Fertilizer bungle: real reason for Maya’s defeat

Most political pundits have explained the Uttar Pradesh assembly election results in sectarian terms. They say Mayawati’s BSP lost Muslim voters to the Samajwadi Party (SP) and Brahmins to the Congress and BJP. However , this is mere speculation. We have no hard data on shifts in community voting patterns. Even a new survey of community voting trends will lack credibility, since we know that voters lie to surveyors. This indeed is why exit polls in India go so badly wrong.

The SP increased its vote by a very modest 3.8%, from 25.4% in 2007 to 29.2% this time. The BSP lost 4.5% in vote share, from 30.4% to 25.9%. Maybe some fraction of this was due to community shifts. Yet any journalist who toured UP will testify to widespread anger among farmers over the rabi fertilizer shortage. In a state where 60% of the population is in farming, fertilizer anger might have been the key reason for Mayawati’s defeat.

Farmers in UP say that they have never before suffered so much in fertilizer distribution. Many complain that their yields are going to plummet because they could not get urea. They say that the usual distribution agencies and panchayat samitis simply did not have enough urea this year. Farmers who queued up for hours went home empty-handed . This led to some angry farmer demonstrations, which were broken up by lathi charges. One pained farmer told me, “We went for fertilizers but only got lathis.”

One’s initial reaction was amazement that Mayawati could have bungled so badly. She is street smart, with an ear to the ground. How could she have neglected something as critical as fertilizer distribution in an election year? Why did she not ensure that there was more than enough for all?

However, on further investigation, the story turned out to be much more complicated. It started from faulty policy making in New Delhi. All fertilizer prices were controlled for years, and New Delhi was very reluctant to increase prices even though the price of inputs (like naphtha and gas) rose sharply in the last decade. No new fertilizer plant came up in the last decade, thanks to price control, so rising demand was met by rising imports. The global price of fertilisers shot up in 2008, and remained high since. This sent the Centre’s fertiliser subsidy through the roof.

The fertiliser subsidy bill may cross Rs 70,000 crore this year even after delaying due payments to fertilizer companies to the next fiscal year. To put the subsidy in perspective, it is now double the Nrega spending of Rs 35,000 crore.

To curb this drain, the government decided two years ago to switch to a nutrient-based subsidy. This envisaged afixed subsidy per kilo of each nutrient—nitrogen , phosphorus and potash. Subject to this, market prices were to fluctuate along with import prices. The government said this would promote production of complex fertilizers with multiple nutrients, which would improve the soil.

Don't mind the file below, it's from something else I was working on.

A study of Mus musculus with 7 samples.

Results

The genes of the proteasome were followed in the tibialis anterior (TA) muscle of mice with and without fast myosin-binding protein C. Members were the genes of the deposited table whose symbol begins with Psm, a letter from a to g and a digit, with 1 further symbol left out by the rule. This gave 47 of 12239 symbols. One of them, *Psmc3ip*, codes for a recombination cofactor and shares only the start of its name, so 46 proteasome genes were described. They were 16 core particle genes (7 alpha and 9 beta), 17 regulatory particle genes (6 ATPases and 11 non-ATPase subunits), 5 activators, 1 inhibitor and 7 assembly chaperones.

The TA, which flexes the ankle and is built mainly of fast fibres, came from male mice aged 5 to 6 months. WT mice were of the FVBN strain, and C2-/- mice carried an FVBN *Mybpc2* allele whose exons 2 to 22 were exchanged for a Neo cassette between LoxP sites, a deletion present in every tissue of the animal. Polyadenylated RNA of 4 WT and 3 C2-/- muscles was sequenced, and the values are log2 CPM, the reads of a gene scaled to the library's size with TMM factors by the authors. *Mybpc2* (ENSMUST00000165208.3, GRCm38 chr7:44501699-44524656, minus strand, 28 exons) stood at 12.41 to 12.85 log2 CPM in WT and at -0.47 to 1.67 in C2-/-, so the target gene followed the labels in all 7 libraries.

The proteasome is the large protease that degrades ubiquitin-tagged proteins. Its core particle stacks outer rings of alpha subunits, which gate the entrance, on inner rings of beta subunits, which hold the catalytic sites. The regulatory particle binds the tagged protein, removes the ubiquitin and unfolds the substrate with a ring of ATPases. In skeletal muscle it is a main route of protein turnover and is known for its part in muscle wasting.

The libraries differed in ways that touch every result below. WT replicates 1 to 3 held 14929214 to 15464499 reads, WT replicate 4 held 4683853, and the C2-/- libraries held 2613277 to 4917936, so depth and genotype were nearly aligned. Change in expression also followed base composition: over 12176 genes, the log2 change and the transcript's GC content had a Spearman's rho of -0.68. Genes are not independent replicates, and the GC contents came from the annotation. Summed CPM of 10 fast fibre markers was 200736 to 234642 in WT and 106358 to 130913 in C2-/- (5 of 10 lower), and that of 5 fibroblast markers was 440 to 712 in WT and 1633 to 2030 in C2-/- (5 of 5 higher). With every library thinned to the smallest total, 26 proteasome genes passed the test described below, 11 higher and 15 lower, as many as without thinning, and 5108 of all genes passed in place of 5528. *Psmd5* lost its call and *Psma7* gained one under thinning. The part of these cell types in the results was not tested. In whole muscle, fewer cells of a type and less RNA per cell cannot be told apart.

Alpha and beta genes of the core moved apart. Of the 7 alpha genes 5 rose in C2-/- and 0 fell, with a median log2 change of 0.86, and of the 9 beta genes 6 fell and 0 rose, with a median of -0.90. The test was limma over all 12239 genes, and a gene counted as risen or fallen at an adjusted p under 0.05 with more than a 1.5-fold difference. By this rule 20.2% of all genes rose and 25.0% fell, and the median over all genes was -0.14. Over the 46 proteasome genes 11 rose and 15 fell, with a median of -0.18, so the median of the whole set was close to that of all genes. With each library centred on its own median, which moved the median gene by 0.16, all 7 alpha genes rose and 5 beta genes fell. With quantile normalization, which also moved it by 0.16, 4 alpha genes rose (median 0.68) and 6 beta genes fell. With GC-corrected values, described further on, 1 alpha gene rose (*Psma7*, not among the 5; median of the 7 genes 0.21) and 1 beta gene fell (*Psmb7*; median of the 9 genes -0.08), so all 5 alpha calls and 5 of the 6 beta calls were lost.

However, while the nutrient based subsidy (NBS) was made operative from April 2010 for phosphorus and potassium , the government lacked the courage to apply it to nitrogenous fertilizers like urea, which remained under total price control. Result: the price of phosphoric and potassic fertilizers doubled, while that of urea remained unchanged.

Farmers are not stupid. Millions abandoned phosphatic fertilizers (mainly di-ammonium phosphate) and sought urea alone. This might not be optimal for their soil, but would be far more profitable.

Nobody in New Delhi or Lucknow should have been surprised by the farmer reaction, yet they did not fully grasp the consequences. Since the price of phosphatic fertilizer had doubled by this rabi season, the demand for cheap urea grew beyond all expectation. Urea shipments to UP might have been enough in a normal year, but proved grossly insufficient to meet burgeoning demand this year. There was phosphatic fertliser aplenty in UP, but not remotely enough urea.

This led to diversion of urea from depots into the black market, where it sold at double the controlled price. Rumours spread of large quantities being smuggled out to Nepal. Farmers roundly blamed Mayawati for this corruption and mismanagement. This alone might have shifted 3-4 % of her vote share to other parties, ensuring her defeat.

The fertilizer bungle must stop. The nutrient based subsidy must be extended to urea too, letting its price rise in line with other nutrients. This will curb the huge fertilizer subsidy, improve soil quality by encouraging rational use of all three nutrients, and avoid sudden shortages and blackmarketing. In the absence of reform, the fertilizer bungle could sink the UPA in the 2014 elections.